While undergoing maintenance in Spain, a TotalEnergies-owned LNG carrier powered by liquefied natural gas (LNG) had a ship-based carbon capture (SBCC) technology prototype installed.
Led by TNO, a Dutch research and development organization, the project’s objective is to showcase the feasibility of ship-based carbon capture technology and gather carbon dioxide emissions from the ship’s exhaust. The installation process was completed in July.
The group managing the project plans to collect ten metric tons of carbon dioxide on board TotalEnergies’ LNG vessel for a duration of 3000 hours, which will be considered a trial.
This test is anticipated to yield information regarding emissions that affect the environment, as well as the influence of movement on the rate of collection, the behavior of the collection solvent, and its degradation.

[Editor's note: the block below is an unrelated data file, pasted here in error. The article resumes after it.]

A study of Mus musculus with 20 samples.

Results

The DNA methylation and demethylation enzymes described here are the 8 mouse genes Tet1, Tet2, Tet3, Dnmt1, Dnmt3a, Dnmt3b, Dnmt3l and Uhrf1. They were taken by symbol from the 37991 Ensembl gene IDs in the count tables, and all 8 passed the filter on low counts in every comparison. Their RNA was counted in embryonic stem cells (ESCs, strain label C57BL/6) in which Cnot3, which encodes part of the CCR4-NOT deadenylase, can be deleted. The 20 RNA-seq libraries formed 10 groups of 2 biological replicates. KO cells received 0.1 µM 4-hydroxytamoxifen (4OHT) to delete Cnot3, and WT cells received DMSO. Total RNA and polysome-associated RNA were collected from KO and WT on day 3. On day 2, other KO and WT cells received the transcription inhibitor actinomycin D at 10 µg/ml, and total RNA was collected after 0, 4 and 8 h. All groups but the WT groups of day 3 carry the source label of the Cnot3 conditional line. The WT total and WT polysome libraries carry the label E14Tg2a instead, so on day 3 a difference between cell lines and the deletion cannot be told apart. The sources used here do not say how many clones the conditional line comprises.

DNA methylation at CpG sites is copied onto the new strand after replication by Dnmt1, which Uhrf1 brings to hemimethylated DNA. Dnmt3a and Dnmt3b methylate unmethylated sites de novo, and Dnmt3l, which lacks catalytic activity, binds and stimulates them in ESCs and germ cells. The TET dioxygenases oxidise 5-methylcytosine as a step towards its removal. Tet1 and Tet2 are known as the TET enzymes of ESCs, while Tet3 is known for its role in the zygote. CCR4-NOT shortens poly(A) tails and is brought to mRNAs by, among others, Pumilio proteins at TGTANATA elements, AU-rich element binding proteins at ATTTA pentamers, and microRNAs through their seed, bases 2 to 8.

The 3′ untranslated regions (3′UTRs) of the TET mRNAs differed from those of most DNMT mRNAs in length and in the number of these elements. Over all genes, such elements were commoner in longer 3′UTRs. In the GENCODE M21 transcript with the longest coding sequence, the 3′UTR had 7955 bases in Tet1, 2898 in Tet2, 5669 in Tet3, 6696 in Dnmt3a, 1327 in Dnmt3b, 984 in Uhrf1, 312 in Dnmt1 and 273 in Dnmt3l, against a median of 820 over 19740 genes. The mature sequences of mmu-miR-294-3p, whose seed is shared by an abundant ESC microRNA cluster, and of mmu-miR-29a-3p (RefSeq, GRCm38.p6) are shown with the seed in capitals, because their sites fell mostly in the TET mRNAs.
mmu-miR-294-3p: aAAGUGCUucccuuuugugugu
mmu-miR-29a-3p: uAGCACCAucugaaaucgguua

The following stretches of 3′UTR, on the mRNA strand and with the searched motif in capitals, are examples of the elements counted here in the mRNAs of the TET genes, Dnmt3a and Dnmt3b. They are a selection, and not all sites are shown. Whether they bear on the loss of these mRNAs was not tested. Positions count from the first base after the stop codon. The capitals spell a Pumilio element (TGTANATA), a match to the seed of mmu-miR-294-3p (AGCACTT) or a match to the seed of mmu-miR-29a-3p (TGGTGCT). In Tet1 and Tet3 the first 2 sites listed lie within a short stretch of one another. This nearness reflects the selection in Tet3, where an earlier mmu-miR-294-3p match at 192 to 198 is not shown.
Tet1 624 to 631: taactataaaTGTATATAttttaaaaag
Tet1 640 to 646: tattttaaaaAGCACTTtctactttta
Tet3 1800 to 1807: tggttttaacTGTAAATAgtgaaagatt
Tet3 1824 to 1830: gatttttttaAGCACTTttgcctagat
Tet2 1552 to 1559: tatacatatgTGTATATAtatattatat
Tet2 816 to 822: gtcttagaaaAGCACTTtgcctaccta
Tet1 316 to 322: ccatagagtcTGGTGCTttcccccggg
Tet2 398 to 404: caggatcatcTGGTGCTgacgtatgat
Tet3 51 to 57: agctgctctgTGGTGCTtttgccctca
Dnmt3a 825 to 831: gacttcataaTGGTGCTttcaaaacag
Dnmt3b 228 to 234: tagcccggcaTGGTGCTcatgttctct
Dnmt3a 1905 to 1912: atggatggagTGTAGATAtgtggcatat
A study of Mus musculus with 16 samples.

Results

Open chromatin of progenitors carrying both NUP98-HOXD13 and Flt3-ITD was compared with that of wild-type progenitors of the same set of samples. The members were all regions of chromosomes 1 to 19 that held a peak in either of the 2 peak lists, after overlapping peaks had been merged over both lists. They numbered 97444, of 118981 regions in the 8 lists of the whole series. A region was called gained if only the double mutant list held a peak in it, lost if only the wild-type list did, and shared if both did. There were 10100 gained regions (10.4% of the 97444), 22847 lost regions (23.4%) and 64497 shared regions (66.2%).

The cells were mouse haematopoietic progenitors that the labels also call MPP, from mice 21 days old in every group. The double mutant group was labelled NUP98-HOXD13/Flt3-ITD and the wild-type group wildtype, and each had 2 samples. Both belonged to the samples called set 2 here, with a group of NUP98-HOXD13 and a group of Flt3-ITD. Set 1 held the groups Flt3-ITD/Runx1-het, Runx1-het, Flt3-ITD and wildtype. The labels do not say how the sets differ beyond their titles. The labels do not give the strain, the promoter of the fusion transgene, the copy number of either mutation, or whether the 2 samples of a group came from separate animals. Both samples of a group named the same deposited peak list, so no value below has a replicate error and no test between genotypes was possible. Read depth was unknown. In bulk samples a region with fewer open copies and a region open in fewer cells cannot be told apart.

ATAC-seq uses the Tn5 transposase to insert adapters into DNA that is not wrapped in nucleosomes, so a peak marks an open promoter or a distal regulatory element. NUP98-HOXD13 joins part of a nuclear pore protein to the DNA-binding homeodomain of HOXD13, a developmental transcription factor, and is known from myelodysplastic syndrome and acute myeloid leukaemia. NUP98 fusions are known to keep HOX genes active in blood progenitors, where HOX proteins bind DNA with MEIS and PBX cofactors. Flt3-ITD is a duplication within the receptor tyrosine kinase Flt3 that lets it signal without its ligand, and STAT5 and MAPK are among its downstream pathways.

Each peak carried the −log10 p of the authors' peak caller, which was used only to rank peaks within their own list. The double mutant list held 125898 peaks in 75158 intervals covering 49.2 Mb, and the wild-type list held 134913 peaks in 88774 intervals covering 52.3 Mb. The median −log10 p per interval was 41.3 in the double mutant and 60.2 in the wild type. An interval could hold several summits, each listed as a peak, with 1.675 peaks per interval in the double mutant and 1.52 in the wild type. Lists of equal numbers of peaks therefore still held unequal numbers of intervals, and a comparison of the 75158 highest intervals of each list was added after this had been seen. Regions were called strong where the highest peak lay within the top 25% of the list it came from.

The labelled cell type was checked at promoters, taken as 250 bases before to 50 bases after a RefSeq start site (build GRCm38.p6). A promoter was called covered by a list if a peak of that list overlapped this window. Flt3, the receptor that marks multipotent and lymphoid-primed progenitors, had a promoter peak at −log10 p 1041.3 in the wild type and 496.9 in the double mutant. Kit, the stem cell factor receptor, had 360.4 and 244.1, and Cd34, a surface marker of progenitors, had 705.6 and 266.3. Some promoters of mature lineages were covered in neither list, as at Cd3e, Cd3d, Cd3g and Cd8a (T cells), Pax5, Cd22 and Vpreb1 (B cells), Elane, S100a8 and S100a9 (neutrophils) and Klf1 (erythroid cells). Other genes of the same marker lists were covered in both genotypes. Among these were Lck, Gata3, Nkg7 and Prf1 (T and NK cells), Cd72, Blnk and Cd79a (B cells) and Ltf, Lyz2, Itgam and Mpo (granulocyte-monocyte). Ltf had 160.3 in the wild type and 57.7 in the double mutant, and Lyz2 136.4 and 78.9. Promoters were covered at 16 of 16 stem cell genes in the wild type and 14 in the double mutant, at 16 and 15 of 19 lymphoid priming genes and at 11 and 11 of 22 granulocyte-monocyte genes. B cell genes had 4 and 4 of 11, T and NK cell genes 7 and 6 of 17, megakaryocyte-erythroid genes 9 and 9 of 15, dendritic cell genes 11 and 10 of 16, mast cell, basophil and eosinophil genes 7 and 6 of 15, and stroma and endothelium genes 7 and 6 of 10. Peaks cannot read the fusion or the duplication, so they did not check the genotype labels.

The collected carbon dioxide will be stored in a pressurized container on the ship as a liquid and then either unloaded and transported to an industrial facility or permanently stored underground.
If the testing on the TotalEnergies LNG carrier is successful, the carbon capture technology will be implemented on Heerema’s LNG-powered Sleipnir crane ship.
The second phase of this project is expected to take 500 hours, and the EverLoNG team aims to collect sufficient data to compare the efficiency of the carbon capture technology on both ships by the end of it.
The primary goal of this project is to accomplish a significant decrease of 70% in carbon dioxide releases from ships, particularly those using liquefied natural gas but lacking SBCC technology.
Ultimately, this project aims to demonstrate the significance and influence that reducing emissions from ships can have in combating climate change.